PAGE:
With global energy consumption poised to increase by 50 percent over the next 25 years, Mississippi can play a role in supplying that energy and manufacturing related products. The Mississippi Energy Institute, a non-profit, privately funded organization, is providing leadership to capitalize on these opportunities.
The organization’s president, Patrick Sullivan, says the group’s core mission is developing a state energy policy. “We see ourselves as the compass of energy policy and strategies,” he said. “Secondly, as a privately funded entity, we assist the state in attracting energy industries.”
The group began in 2009 under the Mississippi Economic Council’s Momentum Mississippi and has been a standalone entity since 2010.
Energy is considered the lifeblood of the state’s economy with every part of the economy relying on energy in some way. “So often energy is such a major component of attracting industry,” Sullivan said.
“We try to look at things we consider realistic. A lot are incredibly capital intensive and long term; nuclear energy is an example.”
The Mississippi Energy Institute asks questions about which industries the state should pursue and keeps abreast of new forms of energy. “We place a strong emphasis on what we consider energy technology,” Sullivan said, “and have to think about ways to grow that. We have the infrastructure in place, but we need to push students into technology because these are high-paying jobs.”
The lack of a trained workforce is the biggest issue in energy as in all sectors, he points out. “We’re talking to companies and see a lack of technically trained workers, but we can quickly meet that demand. We need to educate junior high and high school students on the career opportunities in energy,” he said.
“Hopefully the demand in Mississippi will be extremely high. The average wage is three times the wage of other jobs in the private sector.”
Sullivan sees that Mississippi can make the biggest impact in the energy sector with manufacturing energy-related items, such as utility poles and electric transformers. “Mississippi and the South have an advantage because we have lower energy costs so that helps us more with manufacturing. We have more natural gas flowing through our state than any other state,” he said. “With emerging nations such as China and India using more energy, global growth is almost incomprehensible.”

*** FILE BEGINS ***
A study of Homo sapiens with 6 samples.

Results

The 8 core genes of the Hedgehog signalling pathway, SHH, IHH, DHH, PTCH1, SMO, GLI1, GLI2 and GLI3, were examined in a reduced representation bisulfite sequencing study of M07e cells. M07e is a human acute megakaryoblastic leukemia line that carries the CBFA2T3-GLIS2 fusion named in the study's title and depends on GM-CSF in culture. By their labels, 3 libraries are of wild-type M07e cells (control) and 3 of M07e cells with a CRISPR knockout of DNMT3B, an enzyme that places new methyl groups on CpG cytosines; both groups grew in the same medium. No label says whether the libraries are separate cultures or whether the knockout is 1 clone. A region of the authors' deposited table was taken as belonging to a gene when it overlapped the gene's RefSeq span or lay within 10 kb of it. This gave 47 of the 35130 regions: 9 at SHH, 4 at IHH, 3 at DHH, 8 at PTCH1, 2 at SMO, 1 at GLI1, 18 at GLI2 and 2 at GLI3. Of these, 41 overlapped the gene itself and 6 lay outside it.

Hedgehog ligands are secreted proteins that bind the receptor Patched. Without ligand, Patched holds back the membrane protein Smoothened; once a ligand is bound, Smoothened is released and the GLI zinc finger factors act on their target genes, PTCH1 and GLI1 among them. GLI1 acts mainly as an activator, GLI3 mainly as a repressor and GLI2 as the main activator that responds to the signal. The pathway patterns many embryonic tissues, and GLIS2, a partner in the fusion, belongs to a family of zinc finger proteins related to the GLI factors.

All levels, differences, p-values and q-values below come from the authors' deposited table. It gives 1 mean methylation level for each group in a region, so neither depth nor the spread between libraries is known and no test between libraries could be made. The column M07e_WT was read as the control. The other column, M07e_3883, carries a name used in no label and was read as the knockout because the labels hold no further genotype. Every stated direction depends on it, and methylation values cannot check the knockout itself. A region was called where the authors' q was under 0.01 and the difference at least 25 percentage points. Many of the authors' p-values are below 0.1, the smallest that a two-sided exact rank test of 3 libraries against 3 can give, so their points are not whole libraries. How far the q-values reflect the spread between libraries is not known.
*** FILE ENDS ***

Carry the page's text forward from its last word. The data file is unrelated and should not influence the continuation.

In addition to the more traditional energy sources of oil, natural gas and nuclear, other forms including wind, hydro, biomass and solar will be needed to meet this scale of demand while continuing to find ways to be more energy efficient in buildings, transportation and manufacturing.
“In preparing for this growth in energy production and to participate in new technology development, Mississippi has a major economic opportunity,” Sullivan said. “Opportunities are in energy production, research, technology development, components manufacturing, transportation and distribution, storage and extraction, and with each of these comes jobs and investment.”
Currently – from an employment standpoint – the vast majority of energy jobs in the state are in electricity, natural gas and oil production with additional jobs in service and manufacturing related to energy.
Asked if he’s optimistic about the state’s future growth in energy, Sullivan responded, “Absolutely.
“We have business leaders thinking progressively and looking at where we need to put our emphasis. We also partner with Mississippi’s government leaders, academic institutions and economic development communities to develop growth-minded policies to maximize energy based economic development in Mississippi.”